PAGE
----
The £754m Jupiter Merlin Worldwide Portfolio fund has increased its weighting to the UK to adopt a more defensive stance, according to co-manager Peter Lawery.
At the end of April, just 2.30% of the fund of funds’ portfolio was invested in the UK – but this increased to 15.09% after buying into the Neil Woodford’s Invesco Perpetual High Income fund.
Meanwhile, the weighting to the fund’s ‘others’ category – which holds the ETFS Physical Gold, Findlay Park Latin American, Guinness Global Energy and Polar Capital Global Technology funds – fell from 32.97% to 23.31%.
Lawery, who manages the fund with John Chatfeild-Roberts and Algy Smith-Maxwell, says the change was not really a move towards to the UK, but a way to increase exposure to higher yielding, defensive companies with international earnings.
“The UK stockmarket offers a plethora of opportunities to gain exposure to non-domestic businesses,” he explains, but adds: “The majority of businesses connected to the anaemic UK economy are still to be avoided.”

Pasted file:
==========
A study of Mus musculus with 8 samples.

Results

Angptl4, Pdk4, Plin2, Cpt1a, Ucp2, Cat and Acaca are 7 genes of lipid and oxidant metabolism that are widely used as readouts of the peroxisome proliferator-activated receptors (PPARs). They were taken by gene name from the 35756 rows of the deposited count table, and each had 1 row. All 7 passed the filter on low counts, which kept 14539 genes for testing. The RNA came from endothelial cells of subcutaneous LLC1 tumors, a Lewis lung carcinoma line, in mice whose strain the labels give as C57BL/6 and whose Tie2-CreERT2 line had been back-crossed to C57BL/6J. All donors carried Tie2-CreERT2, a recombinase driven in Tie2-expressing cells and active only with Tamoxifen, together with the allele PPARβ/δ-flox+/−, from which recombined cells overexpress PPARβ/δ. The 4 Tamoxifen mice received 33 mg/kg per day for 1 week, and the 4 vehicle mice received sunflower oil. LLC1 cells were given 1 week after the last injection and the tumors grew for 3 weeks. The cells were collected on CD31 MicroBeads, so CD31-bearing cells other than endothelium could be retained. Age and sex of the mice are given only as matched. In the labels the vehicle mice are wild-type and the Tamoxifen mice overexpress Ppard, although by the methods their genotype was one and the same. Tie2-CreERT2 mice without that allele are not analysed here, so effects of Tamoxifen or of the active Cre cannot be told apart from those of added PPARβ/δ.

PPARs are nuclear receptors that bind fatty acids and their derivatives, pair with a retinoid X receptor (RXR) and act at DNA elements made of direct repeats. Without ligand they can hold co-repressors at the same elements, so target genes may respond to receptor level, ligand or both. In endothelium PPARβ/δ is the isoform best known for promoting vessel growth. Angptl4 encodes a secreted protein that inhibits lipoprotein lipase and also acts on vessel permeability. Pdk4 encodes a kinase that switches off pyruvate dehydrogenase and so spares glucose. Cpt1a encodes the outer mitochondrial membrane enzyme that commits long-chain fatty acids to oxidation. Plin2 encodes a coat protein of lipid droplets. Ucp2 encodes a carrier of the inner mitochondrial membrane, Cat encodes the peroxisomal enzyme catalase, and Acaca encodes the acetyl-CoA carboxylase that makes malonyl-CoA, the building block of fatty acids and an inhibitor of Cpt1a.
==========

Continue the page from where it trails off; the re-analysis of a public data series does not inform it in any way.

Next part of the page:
Lawery (pictured) says the fund is attempting to avoid being too exposed to the UK consumer, unless it is through companies that are defensive in nature. This strategy is shared by the Invesco Perpetual High Income holding.
Invesco’s Woodford has a cautious outlook on the UK economy and is focused on stocks which earn a significant portion of their revenues from overseas markets, especially those in the tobacco, pharmaceutical and telecoms sectors.
However, Lawery warns that internationally focused businesses should not automatically be considered attractive investments.
“Europe, as we predicted, is in a mess and even the all powerful emerging markets are not without risks,” he says.
But the manager is more confident in his outlook for the US. Although the Jupiter Merlin Worldwide Portfolio is underweight in the US, it remains the fund’s largest geographic area of investment at 25.63%.
“The US has the ability to resolve her problems in ways that Europe simply can’t,” he concludes. “The US domestic economy will emerge from its crisis, the Europeans are still denying that they have one.”